Those who support the renovation of a long-vacant building at 9091 Santa Monica Blvd. near Doheny Drive have called the existing structure an “eyesore” at this key entry point to West Hollywood. They equate the prominently situated building to being an “anchor at the western gateway to the city.”
The 90-year-old, two-story brick building dates back to the city’s storied electric streetcar era. Developer Megdal and Associates is proposing to revitalize it with a ground-floor restaurant and a small hotel upstairs, helping provide what supporters call a “vibrant entrance on the city’s western edge.”
Such attention to this gateway for those entering from Beverly Hills recalls a period in the mid-1990s when another structure drew a great deal of attention. It was a 30-foot-tall, brightly painted, abstract rendition of birds playing saxophones donated to the city by an importer of Mexican tequila.
West Hollywood elected officials accepted the sculpture – with the tequila’s brand name on it – as public art in 1994, agreeing to display it for five years. It was placed in the median of Santa Monica Blvd. across from the building Megdal plans to revitalize. The public outcry that resulted forced the city to have it removed after less than three years.
The Best of Intentions
Heublein Inc., a Connecticut-based importer of Cuervo tequila, spent nearly $400,000 to commission the artwork and for its installation. The piece by renowned Mexican artist Jazzamoart, aka Javier Vazquez, was called “The Cuervotivity . . . Visions of Art Monument.” It was the company’s first foray into public art and meant to be the centerpiece of a Cuervo promotion campaign celebrating Mexican culture, according to the Los Angeles Times.
“In order to make the work more meaningful to residents, (Heublien) said city staff suggested it be connected to a social cause,” the newspaper reported. “The company chose to contribute funds to AHORA, a defunct AIDS social service agency serving Latinos, and added to the sculpture a block of tiles inscribed with the names of people who have died from the disease.” The tequila’s brand name also was displayed prominently on the base.
But the monument quickly became the definition of ugliness, kicking off a debate over what is acceptable as public art and who should make the call. “It’s such an ugly thing,” then-Mayor Paul Koretz said. “I think it’s time to take it down” after it had been on display for 30 months.
The Los Angeles Times had its usual “West-Hollywood-as-the-butt-of-all-jokes” perspective on the incident.
“Any public art that is so tasteless, such an offense to the eye that it may be dismantled by the city of West Hollywood – the city where men dress up like Little Bo Peep for Halloween, and where you can order a birthday cake shaped like human genitalia – is unquestionably worth a drive to see,” wrote Patt Morrison, the “grande dame” of the Times’ newsroom and arbiter of everything in good taste (or not). “Mr. Bo Peep doesn’t bother me – that’s Halloween. The genital birthday cakes aren’t being flashed at a major intersection.”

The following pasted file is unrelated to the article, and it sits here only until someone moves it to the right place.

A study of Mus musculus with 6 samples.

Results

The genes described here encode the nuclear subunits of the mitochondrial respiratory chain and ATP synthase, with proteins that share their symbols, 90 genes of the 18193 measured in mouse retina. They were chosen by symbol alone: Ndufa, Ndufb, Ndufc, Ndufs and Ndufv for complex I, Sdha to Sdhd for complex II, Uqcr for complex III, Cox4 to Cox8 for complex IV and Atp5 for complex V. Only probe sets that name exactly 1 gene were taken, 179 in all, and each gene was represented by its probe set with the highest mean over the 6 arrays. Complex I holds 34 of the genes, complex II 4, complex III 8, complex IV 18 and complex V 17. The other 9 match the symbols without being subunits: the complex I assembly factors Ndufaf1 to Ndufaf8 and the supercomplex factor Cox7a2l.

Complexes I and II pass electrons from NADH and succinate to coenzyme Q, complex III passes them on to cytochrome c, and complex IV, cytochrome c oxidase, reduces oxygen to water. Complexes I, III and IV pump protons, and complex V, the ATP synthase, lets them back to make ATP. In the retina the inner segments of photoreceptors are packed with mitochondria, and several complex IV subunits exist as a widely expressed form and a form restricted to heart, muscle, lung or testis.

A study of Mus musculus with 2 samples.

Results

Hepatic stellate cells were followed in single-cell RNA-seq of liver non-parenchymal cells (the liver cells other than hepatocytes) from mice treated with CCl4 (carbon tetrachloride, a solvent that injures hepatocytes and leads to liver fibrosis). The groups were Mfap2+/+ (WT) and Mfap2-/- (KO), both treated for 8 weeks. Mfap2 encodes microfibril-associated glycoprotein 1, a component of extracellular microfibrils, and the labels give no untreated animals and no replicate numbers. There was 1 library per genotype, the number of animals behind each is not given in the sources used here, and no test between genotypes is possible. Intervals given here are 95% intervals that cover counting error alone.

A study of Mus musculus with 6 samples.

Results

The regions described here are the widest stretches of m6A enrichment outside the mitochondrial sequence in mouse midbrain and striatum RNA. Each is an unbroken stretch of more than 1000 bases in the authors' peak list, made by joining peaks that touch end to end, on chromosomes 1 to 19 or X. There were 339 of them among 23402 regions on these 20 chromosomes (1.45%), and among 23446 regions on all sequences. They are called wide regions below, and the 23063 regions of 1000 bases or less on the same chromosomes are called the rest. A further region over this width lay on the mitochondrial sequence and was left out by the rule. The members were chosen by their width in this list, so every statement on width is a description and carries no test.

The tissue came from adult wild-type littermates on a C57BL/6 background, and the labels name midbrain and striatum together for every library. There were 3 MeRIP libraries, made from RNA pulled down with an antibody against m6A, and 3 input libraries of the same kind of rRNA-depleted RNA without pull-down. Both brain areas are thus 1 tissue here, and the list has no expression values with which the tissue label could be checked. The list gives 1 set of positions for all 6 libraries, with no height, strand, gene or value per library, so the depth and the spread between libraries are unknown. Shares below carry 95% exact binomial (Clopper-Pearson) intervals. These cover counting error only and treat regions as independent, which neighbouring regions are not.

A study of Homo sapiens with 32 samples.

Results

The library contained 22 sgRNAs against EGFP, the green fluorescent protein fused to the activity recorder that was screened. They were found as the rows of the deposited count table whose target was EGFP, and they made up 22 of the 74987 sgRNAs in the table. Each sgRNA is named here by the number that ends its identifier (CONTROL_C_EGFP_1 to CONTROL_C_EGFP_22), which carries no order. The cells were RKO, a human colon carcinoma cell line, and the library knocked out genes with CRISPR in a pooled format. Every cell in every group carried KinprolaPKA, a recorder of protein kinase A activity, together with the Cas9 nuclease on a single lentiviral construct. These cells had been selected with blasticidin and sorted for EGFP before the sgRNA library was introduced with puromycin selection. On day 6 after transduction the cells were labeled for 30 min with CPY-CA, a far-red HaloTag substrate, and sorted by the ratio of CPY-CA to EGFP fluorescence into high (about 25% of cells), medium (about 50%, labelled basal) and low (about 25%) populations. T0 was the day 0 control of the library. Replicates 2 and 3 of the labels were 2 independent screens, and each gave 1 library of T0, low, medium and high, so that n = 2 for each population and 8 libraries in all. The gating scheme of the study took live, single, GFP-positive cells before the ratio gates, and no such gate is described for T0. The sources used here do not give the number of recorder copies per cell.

Some contended the sculpture was more promotion than art and criticized the City Council for not seeking residents’ opinions before approving the work. Even the city’s Fine Arts Board, which wasn’t required to approve the sculpture, considered taking out an ad declaring it had nothing to do with the installation.
Defenders said that even if critics didn’t appreciate the bold style of its Mexican creator, a bad precedent would be set by pulling it down. Some council members and city staff argue that the city should support a project that received unanimous council approval and required a year of planning.
But they were few and far between. “A petition signed by 60 residents describes the work as ‘tasteless’ and ‘offensive,’ and even predicts that it will lower property values of nearby homes,” the Times reported.
Opponents typically voiced opinions similar to that of Donald Deluccio, president of the West Hollywood West Residents Association at the time. He told the newspaper, “The majority of the people think it’s an embarrassment to the city.” Deluccio and others not only reviled the piece, they criticized the council for not seeking residents’ opinions before approving the work. “Our biggest concern about it was there should have been some sort of due process before it was installed,” he said.
Critics won a major concession when the City Council developed a more formal process for the installation of any public art in the city. Since then, all works must receive the approval of a board whose members include residents, business representatives and art professionals. A public art ordinance had been on the books for a decade at that point without any provision for public input. In any case, the artwork was removed by early 1997.
Heublien removed its monument. Other Southern California cities reportedly expressed an interest in the Cuervotivity sculpture, but even its creator told WEHOville he isn’t sure where the monument resides today. “Hopefully, it’s on a college or university campus somewhere,” Vazquez said.